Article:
December 26, 2008


Conservatism (Bruce Frohnen, 12/25/08, First Principles)

Conservatism is a philosophy that seeks to maintain and enrich societies characterized by respect for inherited institutions, beliefs and practices, in which individuals develop good character by cooperating with one another in primary, local associations such as families, churches and social groups aimed at furthering the common good in a manner pleasing to God.

Often defined simply as a predisposition to conserve existing political and economic structures, conservatism generally is seen as having its roots in opposition to the radical innovations of the French Revolution of 1789. In that revolution, established hierarchies in politics, religion (especially the Catholic Church, in France heavily influenced by an all-powerful monarchy), and society at large were overthrown in favor of an abstract theory of human equality that proclaimed an age of reason yet ushered in years of oppression and mass executions known as the Reign of Terror. The generally acknowledged founder of modern conservatism, the Irish-born British statesman Edmund Burke, wrote his masterpiece, Reflections on the Revolution in France (1790), in opposition to this revolution in its early stages, predicting the terror to come and arguing that the drive to remold society according to any abstract theory, including the revolutionaries’ Rights of Man, must lead to tyranny and bloodshed.

Unfortunately, conservatism’s modern origin in opposition to revolution has led many to define it in simply negative terms, as a kind of “stand-pattism” or opposition to change. And conservatism is “against” many things to which contemporary liberals in particular are attached. Principally, conservatives reject liberals’ faith in the ability of political planners to “perfect” human nature through a combination of economic incentives (subsidies and the like) and, more crucially, the reshaping of character through therapy and progressive education. Fundamentally, the liberal’s goal is to liberate individuals from inherited institutions, beliefs, and practices. Policies like no-fault divorce and politically correct speech codes and courses of study put into action the liberal desire to remold people into autonomous individuals “liberated” from prejudice and other historical inheritances so that they may build their lives on the basis of radically free, unencumbered choices constrained only by the certainty that all people, choices, and lifestyles are morally equal.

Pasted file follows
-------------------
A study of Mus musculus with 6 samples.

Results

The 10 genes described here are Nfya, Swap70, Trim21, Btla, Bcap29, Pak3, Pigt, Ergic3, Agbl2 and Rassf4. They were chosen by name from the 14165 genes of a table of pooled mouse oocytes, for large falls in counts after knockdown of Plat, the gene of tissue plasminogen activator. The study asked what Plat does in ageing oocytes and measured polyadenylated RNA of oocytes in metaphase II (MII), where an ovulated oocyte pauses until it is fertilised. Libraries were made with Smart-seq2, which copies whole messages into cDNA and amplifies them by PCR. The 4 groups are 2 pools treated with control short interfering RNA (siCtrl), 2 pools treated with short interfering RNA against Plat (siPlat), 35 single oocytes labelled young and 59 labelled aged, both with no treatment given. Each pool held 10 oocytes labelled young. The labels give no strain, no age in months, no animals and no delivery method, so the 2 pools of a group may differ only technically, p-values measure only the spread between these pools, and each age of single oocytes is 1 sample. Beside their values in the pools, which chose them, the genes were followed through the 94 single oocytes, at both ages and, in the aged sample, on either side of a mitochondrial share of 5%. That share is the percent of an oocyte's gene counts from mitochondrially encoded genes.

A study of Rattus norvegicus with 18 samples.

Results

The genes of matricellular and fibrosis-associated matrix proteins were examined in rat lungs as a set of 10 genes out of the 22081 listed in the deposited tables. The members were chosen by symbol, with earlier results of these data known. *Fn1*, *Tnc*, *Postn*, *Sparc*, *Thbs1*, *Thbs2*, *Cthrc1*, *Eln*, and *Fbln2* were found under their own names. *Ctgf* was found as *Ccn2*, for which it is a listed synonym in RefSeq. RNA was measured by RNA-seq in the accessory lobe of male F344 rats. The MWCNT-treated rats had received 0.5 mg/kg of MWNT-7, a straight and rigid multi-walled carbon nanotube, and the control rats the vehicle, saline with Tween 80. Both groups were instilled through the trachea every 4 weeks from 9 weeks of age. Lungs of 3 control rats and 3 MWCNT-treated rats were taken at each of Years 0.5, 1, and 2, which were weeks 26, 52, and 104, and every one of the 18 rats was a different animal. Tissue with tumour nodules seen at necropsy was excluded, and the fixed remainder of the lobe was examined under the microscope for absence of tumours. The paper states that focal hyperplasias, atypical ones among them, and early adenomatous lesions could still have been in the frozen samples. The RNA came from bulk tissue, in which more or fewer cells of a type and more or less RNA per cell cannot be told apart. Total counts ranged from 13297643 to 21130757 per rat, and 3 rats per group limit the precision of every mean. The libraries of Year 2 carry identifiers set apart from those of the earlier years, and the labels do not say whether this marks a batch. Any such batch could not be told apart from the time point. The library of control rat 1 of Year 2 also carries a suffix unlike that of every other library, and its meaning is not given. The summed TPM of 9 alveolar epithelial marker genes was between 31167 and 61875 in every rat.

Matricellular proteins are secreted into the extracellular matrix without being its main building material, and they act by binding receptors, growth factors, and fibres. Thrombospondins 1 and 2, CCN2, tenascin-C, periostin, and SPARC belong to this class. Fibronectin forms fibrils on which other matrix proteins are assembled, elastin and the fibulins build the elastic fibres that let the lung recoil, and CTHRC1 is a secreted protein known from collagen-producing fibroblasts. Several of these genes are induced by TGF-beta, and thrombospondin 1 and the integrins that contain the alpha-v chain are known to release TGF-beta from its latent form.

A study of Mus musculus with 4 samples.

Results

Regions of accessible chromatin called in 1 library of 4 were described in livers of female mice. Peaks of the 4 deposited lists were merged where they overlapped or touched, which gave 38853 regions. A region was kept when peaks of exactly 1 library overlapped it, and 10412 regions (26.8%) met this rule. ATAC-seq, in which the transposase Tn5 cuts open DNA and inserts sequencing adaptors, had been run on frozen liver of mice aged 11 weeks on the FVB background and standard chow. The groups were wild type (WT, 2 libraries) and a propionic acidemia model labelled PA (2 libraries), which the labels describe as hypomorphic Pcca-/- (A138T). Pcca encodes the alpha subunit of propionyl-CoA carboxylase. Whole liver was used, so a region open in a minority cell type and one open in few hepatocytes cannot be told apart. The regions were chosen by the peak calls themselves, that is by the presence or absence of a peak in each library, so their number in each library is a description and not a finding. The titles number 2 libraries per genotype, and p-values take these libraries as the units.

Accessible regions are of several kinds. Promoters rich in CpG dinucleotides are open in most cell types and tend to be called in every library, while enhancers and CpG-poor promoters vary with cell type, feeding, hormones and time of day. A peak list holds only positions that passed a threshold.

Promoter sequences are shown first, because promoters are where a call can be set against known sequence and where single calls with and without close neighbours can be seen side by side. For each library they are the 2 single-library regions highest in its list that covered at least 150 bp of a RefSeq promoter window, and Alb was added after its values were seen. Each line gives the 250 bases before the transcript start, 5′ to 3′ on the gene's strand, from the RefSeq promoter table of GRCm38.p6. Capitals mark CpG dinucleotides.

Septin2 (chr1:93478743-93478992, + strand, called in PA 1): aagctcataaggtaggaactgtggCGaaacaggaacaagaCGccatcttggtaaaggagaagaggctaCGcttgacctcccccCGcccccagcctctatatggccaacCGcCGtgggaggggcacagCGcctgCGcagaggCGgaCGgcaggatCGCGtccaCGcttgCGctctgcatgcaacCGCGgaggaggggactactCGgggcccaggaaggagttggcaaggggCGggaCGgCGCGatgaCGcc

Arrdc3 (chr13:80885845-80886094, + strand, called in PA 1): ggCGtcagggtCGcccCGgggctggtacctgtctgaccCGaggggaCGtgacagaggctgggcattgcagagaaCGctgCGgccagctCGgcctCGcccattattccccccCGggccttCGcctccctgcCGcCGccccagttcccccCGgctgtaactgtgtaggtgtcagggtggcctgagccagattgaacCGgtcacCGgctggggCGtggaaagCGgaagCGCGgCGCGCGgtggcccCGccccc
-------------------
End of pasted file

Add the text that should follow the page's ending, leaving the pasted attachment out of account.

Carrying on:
Conservatism is opposed to this radically individualist view of man’s nature and goals. Some who are labeled “conservative” stop here. Skeptics of a conservative predisposition, whether conscious followers of eighteenth-century philosopher David Hume or modern neoconservatives, accept many institutions put in place by liberals (the centralized administrative and welfare state being the prime example) so long as they do not descend into overtly revolutionary policies and activities. These stand-pat conservatives offer no transcendent set of standards by which to judge political and moral developments, resting on skepticism and faith in the inherent strength and goodness of modern American institutions and ideologies, taken in their patriotic mold.

But as a full-fledged philosophical outlook, conservatism does not stop here. It is not constituted by mere pessimism concerning human nature. Nor, despite some conservatives’ romanticization of eras bygone, does it aim simply to restore what once may have been. To the contrary, conservatism defends a positive and fully integrated view of the individual and his role in society. True, conservatives are too skeptical of the power of abstract reason to believe that politicians can improve human nature, though they believe that politicians may corrupt it. True, conservatives believe that the individual, shorn of his inherited social ties, will act less morally because he will lose the bonds of affection that keep pride and selfishness in check. But these are mere defensive responses to the overreaching claims of liberalism and its radical outgrowths. The roots of conservative opposition to liberalism lie in a very positive conception of the human person and the possibilities of social life.

Conservatives are attached, not so much to any particular regime or form of government, as to what they believe are the requirements for a good life for all peoples. In the American context, conservatives defend the ordered liberty established by the Constitution and the traditions and practices on which that constitution was built. In particular, the common law understanding of custom as a necessary basis for law and public action and the primary role of local associations in framing the character and lives of the people are central to the conservative vision of America. Because conservatives believe that people live in their families, associations, and communities more than in their government, they seek to maximize the number of important relationships available to individuals as they seek to minimize the role of particular politicians and policies in dominating, destroying, or displacing these associations.